Marketing experts estimate the average American is exposed to between 4,000 and 10,000 marketing messages per day. As much as we’re swayed to think physicians are a special breed of human, they’re really just people too—and encounter just as many marketing touchpoints as the average individual.
With figures like that, there’s no wiggle room to experiment with marketing channels that have become less effective over the years. While direct mail was at one time considered a top performer in physician communications, statistics surrounding physician preference reveal email beats out all other forms of communication. Even though direct mail is not “dead” and arguably has a place in certain outbound campaigns, email is still the clear winner.
That is, if you do it the right way.
Two Key Advantages of Digital Over Direct
There’s no wiggle room to experiment with ineffective marketing channels
One can understand the reluctance to “go digital” when direct mail assets like postcards, brochures, and newsletters have previously proven their worth. Longevity is compelling, but when you consider the many benefits of digital over direct mail, a strong case can be made for digitally-focused outreach.
Two advantages stand out:
Cost. Direct mail is expensive; there’s just no getting around that fact. Between the creative costs and rising postal investment, you could easily dedicate thousands of dollars to one relatively small campaign. Yes, email requires a creative budget as well, but deployment costs are minimal—even for a large outbound campaign.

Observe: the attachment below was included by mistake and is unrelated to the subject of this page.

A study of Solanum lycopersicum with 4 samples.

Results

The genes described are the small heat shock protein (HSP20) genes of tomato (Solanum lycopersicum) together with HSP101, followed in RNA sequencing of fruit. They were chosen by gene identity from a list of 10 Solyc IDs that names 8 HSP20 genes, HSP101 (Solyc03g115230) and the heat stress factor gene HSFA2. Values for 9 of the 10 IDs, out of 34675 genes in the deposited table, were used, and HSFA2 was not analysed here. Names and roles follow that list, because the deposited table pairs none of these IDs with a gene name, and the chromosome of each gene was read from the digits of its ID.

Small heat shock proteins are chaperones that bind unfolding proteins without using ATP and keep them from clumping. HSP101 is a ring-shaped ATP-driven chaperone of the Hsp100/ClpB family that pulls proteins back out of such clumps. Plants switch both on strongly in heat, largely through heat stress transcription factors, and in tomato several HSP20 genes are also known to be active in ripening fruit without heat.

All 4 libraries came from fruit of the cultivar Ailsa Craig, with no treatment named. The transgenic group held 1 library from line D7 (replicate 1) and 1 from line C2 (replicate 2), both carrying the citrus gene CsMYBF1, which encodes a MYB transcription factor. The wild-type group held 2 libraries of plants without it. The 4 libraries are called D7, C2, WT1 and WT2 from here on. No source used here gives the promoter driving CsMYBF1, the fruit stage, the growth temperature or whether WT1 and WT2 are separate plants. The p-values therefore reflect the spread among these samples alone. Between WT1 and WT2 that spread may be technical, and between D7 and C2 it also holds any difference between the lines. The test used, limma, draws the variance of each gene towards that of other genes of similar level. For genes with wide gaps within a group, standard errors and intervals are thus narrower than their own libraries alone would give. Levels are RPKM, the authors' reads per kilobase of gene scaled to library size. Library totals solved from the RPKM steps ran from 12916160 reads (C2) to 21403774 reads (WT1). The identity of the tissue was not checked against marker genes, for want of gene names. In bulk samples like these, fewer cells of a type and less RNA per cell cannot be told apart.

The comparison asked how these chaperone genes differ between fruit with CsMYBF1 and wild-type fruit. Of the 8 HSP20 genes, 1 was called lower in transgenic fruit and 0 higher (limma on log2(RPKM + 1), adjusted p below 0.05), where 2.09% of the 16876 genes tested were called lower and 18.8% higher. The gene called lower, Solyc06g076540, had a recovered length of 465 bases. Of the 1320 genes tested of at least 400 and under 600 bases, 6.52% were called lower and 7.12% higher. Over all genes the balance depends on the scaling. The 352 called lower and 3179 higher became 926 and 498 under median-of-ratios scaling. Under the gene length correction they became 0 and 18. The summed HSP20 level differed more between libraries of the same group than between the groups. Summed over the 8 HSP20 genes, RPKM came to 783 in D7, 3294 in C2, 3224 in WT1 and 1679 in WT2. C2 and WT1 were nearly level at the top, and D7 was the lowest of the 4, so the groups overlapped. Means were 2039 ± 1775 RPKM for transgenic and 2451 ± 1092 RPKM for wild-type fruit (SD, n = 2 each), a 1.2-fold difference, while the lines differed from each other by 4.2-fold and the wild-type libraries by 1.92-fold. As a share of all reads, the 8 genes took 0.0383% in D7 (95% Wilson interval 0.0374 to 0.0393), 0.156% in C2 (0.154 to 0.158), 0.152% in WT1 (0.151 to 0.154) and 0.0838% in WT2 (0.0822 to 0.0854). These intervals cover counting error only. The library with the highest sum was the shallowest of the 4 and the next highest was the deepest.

Reporting. The USPS can inform you that a direct mailing was successfully sent, but they can’t provide feedback on whether or not those mailers were opened, read—or read by your target audience. Sending direct mail via certified mail just isn’t financially feasible. On the other hand, email’s robust reporting ability allows for real-time evaluation of open rates, click-through rates, and day (and time of day) physicians engage. Additionally, links to additional information or landing pages expand the power of your digital communications reach. That data acts as research material for digital marketers. They learn what worked and what didn’t and subsequently adjust campaign strategy.
That data acts as research material for digital marketers
An additional factor is a generational one. Fewer Baby Boomers are practicing medicine while more millennials are putting on the white coat. The millennial generation was born into a digital world. They don’t know an existence without mobile phones, tablets, and the ease of turning to Google, Siri, or Alexa for answers.
What Physicians Want, When They Want It
All of the above points support the transition to digital, but there’s one more that really seals the deal: being able to optimize communications by sending the right message at the right time. In regards to the direct mail versus email discussion, this capability is afforded to email and email only—but only when employing a high-quality physician email list.
When you’re working with accurate data—that is, data that’s been first-party sourced, third-party verified, authenticated, and updated daily—you know you’re reaching the right physicians. That’s the first step.
The millennial generation was born into a digital world
In turn, you get an accurate picture of individual physician needs and wants based on engagement behavior. This goes back to the breadth of analysis available. Subject lines, email content, CTAs, and day/time of deployment are components that can be tweaked upon engagement scrutiny, ultimately ensuring you’re deploying the most impactful message at the most desirable time. Again, such potential is lost on direct mail.
There’s no need to fear the progressive evolution of direct to digital. In truth, all points of logic represent reasons to not only adopt digital, but to embrace it.